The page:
Twenty-five years ago today, “The Wedding Singer” was released in theaters. It’s hard not to love this movie, one of the kinder, sweeter entries in the rom-com canon. This film has a couple of things that place it on a higher shelf: two genuinely decent characters to root for, a ton of ‘80s nostalgia, and an unquestionably great sense of chemistry between the two actors playing the leads.

The film, written by Tim Herlihy, firmly set in Ridgefield, New Jersey in 1985, stars Adam Sandler as an easygoing guy who loves two things: music and family. He pays the bills while performing at weddings (bar mitzvahs as well), enjoying the joy he brings to other family units at these events. His world is thrown asunder when his he is stood up on his own wedding day – his ex-fiancee, Linda, apologizes later, saying that she loved the ambitious rock star he wanted to be rather than the complacent small-town wedding singer he has become. (One famous line: “Information that would have been useful yesterday!”)

Robbie beings a downward spiral that only stops when he befriends waitress Julia Sullivan (Drew Barrymore, never more beguiling). The two form a fast friendship over their shared interest in the little things in life, We know they belong together, of course, but there’s one thing standing in their way: Julia’s engagement to Glenn Gulia (Matthew Glave), the crass, shallow, and philandering man in her life.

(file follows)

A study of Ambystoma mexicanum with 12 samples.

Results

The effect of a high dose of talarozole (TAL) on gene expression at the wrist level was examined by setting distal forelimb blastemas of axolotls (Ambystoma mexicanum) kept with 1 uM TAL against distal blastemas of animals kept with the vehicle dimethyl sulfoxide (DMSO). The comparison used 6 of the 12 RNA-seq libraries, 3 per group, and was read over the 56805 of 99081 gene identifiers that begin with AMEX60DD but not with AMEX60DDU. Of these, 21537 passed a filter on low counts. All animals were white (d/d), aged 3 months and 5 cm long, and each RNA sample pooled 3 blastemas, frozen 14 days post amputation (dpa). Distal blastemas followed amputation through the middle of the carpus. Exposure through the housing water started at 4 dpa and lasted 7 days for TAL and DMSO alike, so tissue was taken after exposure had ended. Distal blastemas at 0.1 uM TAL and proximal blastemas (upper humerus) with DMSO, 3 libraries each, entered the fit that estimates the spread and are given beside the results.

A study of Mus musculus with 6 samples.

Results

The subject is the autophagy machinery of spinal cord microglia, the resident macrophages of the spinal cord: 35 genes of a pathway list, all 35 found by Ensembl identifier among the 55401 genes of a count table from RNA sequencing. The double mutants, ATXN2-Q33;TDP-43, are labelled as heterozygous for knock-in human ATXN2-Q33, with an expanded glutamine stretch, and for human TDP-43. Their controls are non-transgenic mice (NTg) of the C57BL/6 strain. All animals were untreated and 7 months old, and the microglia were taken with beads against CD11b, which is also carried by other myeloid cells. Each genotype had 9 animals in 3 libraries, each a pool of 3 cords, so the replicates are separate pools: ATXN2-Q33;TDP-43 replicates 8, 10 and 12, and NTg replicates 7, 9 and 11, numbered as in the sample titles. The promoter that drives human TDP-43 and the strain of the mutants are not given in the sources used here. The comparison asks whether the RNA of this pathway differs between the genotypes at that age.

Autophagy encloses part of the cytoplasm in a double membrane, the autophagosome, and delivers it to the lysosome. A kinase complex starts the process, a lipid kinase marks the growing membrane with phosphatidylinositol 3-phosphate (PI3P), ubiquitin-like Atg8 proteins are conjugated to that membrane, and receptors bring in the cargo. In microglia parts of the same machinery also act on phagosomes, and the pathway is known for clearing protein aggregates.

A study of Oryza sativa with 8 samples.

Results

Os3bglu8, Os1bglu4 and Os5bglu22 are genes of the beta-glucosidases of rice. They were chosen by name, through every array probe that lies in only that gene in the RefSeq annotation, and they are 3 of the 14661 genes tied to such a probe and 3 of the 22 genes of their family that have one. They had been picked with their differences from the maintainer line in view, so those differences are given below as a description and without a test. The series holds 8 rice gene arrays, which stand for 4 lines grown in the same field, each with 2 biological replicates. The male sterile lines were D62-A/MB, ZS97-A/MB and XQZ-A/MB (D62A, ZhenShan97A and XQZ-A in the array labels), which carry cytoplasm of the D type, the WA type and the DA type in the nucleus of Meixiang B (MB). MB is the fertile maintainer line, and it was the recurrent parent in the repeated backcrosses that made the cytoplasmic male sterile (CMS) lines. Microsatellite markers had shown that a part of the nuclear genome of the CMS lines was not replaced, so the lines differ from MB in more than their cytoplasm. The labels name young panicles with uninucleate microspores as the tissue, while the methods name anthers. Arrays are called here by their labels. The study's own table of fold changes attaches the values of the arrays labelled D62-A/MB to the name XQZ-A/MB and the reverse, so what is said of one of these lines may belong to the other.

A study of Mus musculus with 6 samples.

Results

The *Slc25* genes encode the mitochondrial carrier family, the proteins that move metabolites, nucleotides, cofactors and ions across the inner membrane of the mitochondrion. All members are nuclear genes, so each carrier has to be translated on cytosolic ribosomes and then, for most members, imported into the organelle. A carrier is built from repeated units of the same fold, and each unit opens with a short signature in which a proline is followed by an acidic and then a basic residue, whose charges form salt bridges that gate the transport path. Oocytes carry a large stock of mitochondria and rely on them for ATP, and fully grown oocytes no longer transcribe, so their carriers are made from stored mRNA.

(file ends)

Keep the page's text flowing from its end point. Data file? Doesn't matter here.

We know that Julia can’t marry Glenn, if for no other reason than she can’t become Julia Gulia. But the fun of The Wedding Singer is watching each of them figure it out, set to a backdrop of pop hits like “Do You Really Want to Hurt Me,” “Every Day I Write the Book,” “Every Little Thing She Does Is Magic,” “Love My Way,” “You Make my Dreams,” and “White Wedding.” Released in the late 1990s, The Wedding Singer hit that sweet spot when grunge had fallen out of favor and given way to ‘80s nostalgia. The clothes, the gadgets, the music, the television shows – all of these references were finally becoming back in favor, and the movie celebrated them all shamelessly.

And while the film is silly fun, it also marked new signs of maturity for both Barrymore and Sandler, both playing their first romantic leads as they carried the film. They’re sensational together, playful and even slyly sexy. No wonder they worked together twice more, in 50 First Dates and Blended.

A couple of other fun facts:

  • Ellen Albertini Dow’s performance of Sugar Hill Gang’s “Rapper’s Delight” was an instant hit in a pre-viral era.
  • Boy George has said that Alexis Arquette’s rendition of “Do You Really Want to Hurt Me” was hilarious.
  • Billy Idol has a cameo towards the end of the film
  • Several Friends guests stars have roles in The Wedding Singer: Christina Pickles (whose Emmy-nominated work in Elsewhere also gives her ‘80s cred), Christine Taylor, and Angela Featherstone, who was the Ross’s one night stand while he and Rachel were “on a break.”

Of course, this film itself is now a relic to another, seemingly simpler time. It’s worth the revisit. This is a film you want to grow old with you.